3 Investing Strategies When You're Scared of Risk
There was a time in my life when I shied away from buying stocks for one big reason -- I was scared to lose money. These days, that's not a concern. While my portfolio value can and does fluctuate (sometimes wildly) on a frequent basis, I'm not planning to cash out my investments anytime soon. As such, any loss I see in the near term is merely a loss on paper (or, more accurately, on screen).
But still, not everyone has the same tolerance for risk, and if yours is fairly low, you may be worried about buying stocks. If that's the case, here are a few investment choices worth looking at.
Index funds are passively managed funds that have a simple goal -- to perform as well as the benchmarks they're tied to. Meanwhile, the S&P 500 is an index that's comprised of the 500 largest publicly traded stocks.
If you buy shares of an S&P 500 index fund, what you're effectively doing is investing in the broad stock market. In fact, when you hear things like "stocks crashed today" or "stocks went higher," usually, "stocks" refers to the performance of the S&P 500 itself.
The great thing about S&P 500 index funds is that you get instant diversification in your portfolio. That's a good thing to have, because you never know when one segment of the market might take a notable hit. And S&P 500 index funds also take much of the guesswork out of investing, so if you're nervous about hand-picking stocks, this gets you out of it.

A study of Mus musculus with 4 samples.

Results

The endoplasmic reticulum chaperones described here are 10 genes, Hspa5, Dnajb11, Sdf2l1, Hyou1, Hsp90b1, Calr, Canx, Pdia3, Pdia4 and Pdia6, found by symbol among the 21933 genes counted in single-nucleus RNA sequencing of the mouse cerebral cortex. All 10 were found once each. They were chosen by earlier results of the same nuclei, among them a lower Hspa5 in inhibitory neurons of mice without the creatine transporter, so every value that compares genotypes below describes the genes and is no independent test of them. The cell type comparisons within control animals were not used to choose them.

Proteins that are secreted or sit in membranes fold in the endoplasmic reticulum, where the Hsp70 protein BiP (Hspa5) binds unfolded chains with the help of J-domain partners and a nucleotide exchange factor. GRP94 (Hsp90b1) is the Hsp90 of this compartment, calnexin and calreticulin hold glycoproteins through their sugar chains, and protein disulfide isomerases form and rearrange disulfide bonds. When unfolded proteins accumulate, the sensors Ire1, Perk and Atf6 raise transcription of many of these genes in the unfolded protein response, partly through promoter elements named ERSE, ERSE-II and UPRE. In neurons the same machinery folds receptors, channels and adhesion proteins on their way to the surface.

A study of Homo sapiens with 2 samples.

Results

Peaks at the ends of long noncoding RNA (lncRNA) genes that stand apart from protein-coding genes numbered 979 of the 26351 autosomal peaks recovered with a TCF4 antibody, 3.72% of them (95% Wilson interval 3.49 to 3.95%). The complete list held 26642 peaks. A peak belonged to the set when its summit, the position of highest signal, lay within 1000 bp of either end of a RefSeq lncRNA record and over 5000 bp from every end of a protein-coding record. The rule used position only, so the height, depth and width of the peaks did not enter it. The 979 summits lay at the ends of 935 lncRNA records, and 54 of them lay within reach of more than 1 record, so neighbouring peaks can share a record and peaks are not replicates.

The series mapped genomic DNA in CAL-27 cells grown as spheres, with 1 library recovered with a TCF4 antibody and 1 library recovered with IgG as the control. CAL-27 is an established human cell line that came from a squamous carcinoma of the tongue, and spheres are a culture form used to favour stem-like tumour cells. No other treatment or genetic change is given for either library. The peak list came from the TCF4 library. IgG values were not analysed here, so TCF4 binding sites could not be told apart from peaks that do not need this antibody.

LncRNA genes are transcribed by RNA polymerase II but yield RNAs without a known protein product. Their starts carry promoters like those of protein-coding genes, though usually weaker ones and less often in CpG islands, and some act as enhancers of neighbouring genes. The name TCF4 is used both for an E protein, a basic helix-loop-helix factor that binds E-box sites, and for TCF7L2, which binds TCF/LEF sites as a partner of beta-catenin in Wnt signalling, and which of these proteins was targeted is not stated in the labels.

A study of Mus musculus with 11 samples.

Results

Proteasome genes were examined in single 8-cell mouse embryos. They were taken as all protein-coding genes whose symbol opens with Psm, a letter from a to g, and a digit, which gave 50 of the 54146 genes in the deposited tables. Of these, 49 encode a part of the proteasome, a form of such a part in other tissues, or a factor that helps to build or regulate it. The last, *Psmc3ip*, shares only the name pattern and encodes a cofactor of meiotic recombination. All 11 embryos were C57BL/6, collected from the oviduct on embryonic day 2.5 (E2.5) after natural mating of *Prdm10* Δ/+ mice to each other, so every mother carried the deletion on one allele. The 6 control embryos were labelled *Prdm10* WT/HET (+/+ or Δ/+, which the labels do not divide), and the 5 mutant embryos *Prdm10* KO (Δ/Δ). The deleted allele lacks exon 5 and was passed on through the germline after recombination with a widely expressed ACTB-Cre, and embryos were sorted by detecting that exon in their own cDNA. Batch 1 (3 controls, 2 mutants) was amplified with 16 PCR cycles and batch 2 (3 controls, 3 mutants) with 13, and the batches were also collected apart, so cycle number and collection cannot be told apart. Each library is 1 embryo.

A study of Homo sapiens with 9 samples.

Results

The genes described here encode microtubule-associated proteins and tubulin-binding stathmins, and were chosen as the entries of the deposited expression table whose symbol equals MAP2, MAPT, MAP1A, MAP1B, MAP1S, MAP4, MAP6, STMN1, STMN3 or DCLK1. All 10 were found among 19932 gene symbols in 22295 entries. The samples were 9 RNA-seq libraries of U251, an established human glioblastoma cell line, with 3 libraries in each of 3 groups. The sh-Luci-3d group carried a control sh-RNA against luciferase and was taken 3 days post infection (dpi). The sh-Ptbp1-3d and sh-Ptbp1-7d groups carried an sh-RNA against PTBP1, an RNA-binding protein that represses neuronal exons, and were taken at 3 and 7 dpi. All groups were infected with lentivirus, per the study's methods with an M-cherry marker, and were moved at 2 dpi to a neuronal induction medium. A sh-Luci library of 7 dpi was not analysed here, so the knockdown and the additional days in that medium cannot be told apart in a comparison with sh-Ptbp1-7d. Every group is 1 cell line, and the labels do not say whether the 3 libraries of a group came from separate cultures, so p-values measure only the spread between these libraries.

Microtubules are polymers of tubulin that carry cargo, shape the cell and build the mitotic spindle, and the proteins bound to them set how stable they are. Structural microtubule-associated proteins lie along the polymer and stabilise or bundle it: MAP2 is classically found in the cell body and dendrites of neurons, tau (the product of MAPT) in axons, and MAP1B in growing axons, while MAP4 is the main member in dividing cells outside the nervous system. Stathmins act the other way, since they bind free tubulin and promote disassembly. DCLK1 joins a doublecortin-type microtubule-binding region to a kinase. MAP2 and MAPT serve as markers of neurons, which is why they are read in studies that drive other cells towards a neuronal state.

Dividend stocks give you two opportunities to make money. First, like all stocks, their value can rise over time. But you'll also have a chance to enjoy regular dividend payments, which can help offset some of the risk you take on by investing in the first place.
Companies in the habit of paying dividends tend to do so even when market conditions decline. So if you load up on dividend stocks and the market crashes, you'll likely continue to see those payments come in, thereby helping to offset other potential losses you may be looking at.
Fractional shares allow you to buy a portion of a share of stock if a full share is out of reach financially or too expensive for your taste. The upside of buying them is that you'll get a chance to load up on a wider range of stocks, thereby lending to more diversity in your portfolio.
Buying fractional shares also lowers the risk of getting hurt financially if a single company you own tanks. Imagine there's a company you want to invest in that's trading at $1,000 a share right now. If you buy a full share and that company's stock values plunges to 50% of its current value, you could end up with a $500 loss. But if you decide to buy a quarter of a share of that stock, you'd only be looking at a $125 loss.
There's no sense in assembling an investment portfolio that causes you constant stress. In fact, if you go that route, you may be more likely to react when market conditions decline and sell off stocks in a panic, thereby digging yourself into a hole.
All of these investment choices are worth considering for the risk-averse. And even if your appetite for risk is fairly healthy, it pays to give them a look as well.